On July 18, two dams in China’s Inner Mongolia collapsed after heavy rains battered the region, sending torrents of water downriver, causing severe flooding across farmland and forcing thousands of people to evacuate their homes.
While no injuries or fatalities were reported, last month’s dam collapse was a reminder of the dangers involving aging infrastructure around the world combined with the onset of more frequent extreme weather events.
This summer alone has seen historic rainfall in Europe and central China, raising the need for accurate and detailed information on flooding as soon as it occurs.
A reliable method leverages synthetic aperture radar (SAR), a satellite-borne instrument that works in any weather, day or night. This 24/7 capability is an obvious selling point when trying to document the flooding extent in the middle of a storm.
We’ve demonstrated this before in the case of major storms, such as Hurricane Irma in Florida and Hurricane Dorian in the Bahamas, as well as an environmental disaster stemming from a tailings dam collapse in Brazil.
We’ve also provided other examples that haven’t involved flooding, but have similarly shown detection of the presence of water. One case revealed the filling of a controversial dam in Ethiopia, while another measured changes in the size of Iraq’s reservoirs.
In this piece, we apply the same technique, turning SAR imagery collected over China’s Inner Mongolia into flooding analytics that can yield valuable ground-truth information.
The SAR images below capture the Inner Mongolia dams (circled in yellow) on July 6 and July 18, the day of the collapse. The darker patches denote water, allowing you to see the reservoirs behind the dams, local rivers, as well as the flooding extent.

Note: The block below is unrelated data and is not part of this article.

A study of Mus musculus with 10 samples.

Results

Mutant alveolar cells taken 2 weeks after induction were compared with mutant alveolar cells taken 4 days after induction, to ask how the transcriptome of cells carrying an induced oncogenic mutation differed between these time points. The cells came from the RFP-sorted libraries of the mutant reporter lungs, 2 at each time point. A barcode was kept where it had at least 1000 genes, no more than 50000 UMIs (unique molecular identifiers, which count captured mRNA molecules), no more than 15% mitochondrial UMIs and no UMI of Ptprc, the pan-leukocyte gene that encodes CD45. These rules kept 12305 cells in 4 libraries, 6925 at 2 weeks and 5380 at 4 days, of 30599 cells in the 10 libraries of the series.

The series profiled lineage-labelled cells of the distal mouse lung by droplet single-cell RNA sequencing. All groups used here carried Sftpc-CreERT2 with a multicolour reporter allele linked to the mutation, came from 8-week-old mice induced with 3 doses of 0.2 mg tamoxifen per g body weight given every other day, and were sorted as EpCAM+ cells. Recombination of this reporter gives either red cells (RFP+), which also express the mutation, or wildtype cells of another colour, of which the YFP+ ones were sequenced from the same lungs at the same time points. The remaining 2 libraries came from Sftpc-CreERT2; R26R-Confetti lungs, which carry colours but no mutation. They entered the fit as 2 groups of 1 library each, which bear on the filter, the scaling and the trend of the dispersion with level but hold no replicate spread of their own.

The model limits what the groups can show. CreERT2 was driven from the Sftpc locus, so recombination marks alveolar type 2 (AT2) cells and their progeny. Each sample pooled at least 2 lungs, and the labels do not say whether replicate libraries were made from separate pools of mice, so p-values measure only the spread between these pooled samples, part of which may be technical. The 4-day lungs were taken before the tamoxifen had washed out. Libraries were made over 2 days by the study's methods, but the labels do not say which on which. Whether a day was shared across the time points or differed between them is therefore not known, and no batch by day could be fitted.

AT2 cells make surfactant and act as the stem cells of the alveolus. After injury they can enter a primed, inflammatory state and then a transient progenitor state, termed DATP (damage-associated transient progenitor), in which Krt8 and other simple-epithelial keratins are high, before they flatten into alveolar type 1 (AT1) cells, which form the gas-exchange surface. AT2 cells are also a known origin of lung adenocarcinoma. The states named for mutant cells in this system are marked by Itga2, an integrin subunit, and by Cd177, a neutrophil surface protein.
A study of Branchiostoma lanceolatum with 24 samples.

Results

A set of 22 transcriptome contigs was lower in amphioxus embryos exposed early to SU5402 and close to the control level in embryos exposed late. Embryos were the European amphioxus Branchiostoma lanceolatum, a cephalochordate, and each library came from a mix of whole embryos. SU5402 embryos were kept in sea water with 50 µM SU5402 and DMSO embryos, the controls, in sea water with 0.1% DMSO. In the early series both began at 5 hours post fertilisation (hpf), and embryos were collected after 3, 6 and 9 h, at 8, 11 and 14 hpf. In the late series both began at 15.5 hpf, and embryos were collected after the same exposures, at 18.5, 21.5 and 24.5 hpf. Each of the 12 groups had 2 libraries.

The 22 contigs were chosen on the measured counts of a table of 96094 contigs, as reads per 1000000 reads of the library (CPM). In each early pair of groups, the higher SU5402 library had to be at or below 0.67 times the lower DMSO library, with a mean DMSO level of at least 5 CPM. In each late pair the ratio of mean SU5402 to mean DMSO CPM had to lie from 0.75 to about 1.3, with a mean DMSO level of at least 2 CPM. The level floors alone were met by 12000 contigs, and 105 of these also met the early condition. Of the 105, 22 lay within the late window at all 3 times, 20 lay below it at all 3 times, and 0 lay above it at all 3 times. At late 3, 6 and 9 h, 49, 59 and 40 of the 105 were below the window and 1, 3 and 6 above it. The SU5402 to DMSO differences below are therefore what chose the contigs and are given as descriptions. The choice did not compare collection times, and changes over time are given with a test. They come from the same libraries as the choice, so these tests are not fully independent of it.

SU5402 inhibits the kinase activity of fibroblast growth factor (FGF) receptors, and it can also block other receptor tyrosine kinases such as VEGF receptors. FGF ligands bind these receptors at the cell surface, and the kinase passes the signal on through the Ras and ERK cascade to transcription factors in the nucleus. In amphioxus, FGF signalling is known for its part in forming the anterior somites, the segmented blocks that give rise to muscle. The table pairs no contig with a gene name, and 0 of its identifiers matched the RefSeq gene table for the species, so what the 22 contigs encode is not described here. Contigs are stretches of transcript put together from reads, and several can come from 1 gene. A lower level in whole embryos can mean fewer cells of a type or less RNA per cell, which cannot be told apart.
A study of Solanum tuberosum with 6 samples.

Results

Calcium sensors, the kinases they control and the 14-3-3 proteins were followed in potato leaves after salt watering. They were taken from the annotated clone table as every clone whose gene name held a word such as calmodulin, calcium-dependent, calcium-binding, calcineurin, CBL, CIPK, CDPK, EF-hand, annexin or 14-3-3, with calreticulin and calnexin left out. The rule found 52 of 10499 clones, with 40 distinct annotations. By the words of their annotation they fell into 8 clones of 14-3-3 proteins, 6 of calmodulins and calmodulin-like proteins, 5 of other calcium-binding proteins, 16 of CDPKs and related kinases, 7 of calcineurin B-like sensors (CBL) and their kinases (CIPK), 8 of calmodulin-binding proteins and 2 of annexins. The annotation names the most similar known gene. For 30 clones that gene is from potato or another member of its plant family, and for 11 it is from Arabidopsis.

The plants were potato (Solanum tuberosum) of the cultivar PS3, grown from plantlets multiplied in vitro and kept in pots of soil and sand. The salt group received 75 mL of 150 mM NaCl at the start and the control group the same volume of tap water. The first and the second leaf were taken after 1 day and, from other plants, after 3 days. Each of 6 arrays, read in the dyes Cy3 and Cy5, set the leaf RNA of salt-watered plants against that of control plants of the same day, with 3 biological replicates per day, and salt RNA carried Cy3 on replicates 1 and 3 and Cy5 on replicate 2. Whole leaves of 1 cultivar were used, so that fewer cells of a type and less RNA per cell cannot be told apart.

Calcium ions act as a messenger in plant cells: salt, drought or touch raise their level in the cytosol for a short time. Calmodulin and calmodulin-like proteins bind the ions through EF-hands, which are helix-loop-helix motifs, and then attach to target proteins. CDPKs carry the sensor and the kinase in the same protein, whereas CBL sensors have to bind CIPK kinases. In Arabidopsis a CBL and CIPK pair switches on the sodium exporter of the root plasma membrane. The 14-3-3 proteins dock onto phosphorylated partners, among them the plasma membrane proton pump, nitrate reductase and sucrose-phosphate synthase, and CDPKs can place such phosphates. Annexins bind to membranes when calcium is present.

The differences between the two images are visibly stark, with floodwaters inundating the area on the latter date.
As mentioned, a SAR-based approach is necessary given the time constraints and weather conditions related to this event.
Another option—optical satellite imagery—is ineffective in this case because of cloud coverage and/or lack of daylight.
The optical satellite image below was taken over the same area two days after the collapse, and clouds still obstruct the view, making this approach infeasible.
Also, the SAR data can be used to create a detailed flood map that can be used to support emergency service response, and insurance companies can use this information to assess claims and improve their modeling of flood zones around the world.
In the SAR-based map below, we illustrate the areas where flooding occurred, overlay information on population centers, and summarize the sequence of events that began with historic rainfall in the region resulting in the collapse of the Yong’an Dam and Xinfa Dam.
How big of a problem is dam integrity? Very big. China has more than 98,000 dams, and government officials have acknowledged more efforts must be made to ensure the safety of these structures.
Beijing has allocated almost $24 billion to reinforce 2,800 large and medium-sized reservoirs and 69,000 small ones.
Nor is this risk limited to China. A comprehensive study released in January 2021 by the United Nation University (UNU), the academic and research arm of the UN, called attention to the growing dangers of aging dams.
“By 2050, most of humanity will live downstream of large dams built in the 20th century” that are at “increasing risk of failure,” the UNU report says.
Are you interested in learning more about how Ursa Space can help monitor flooding events?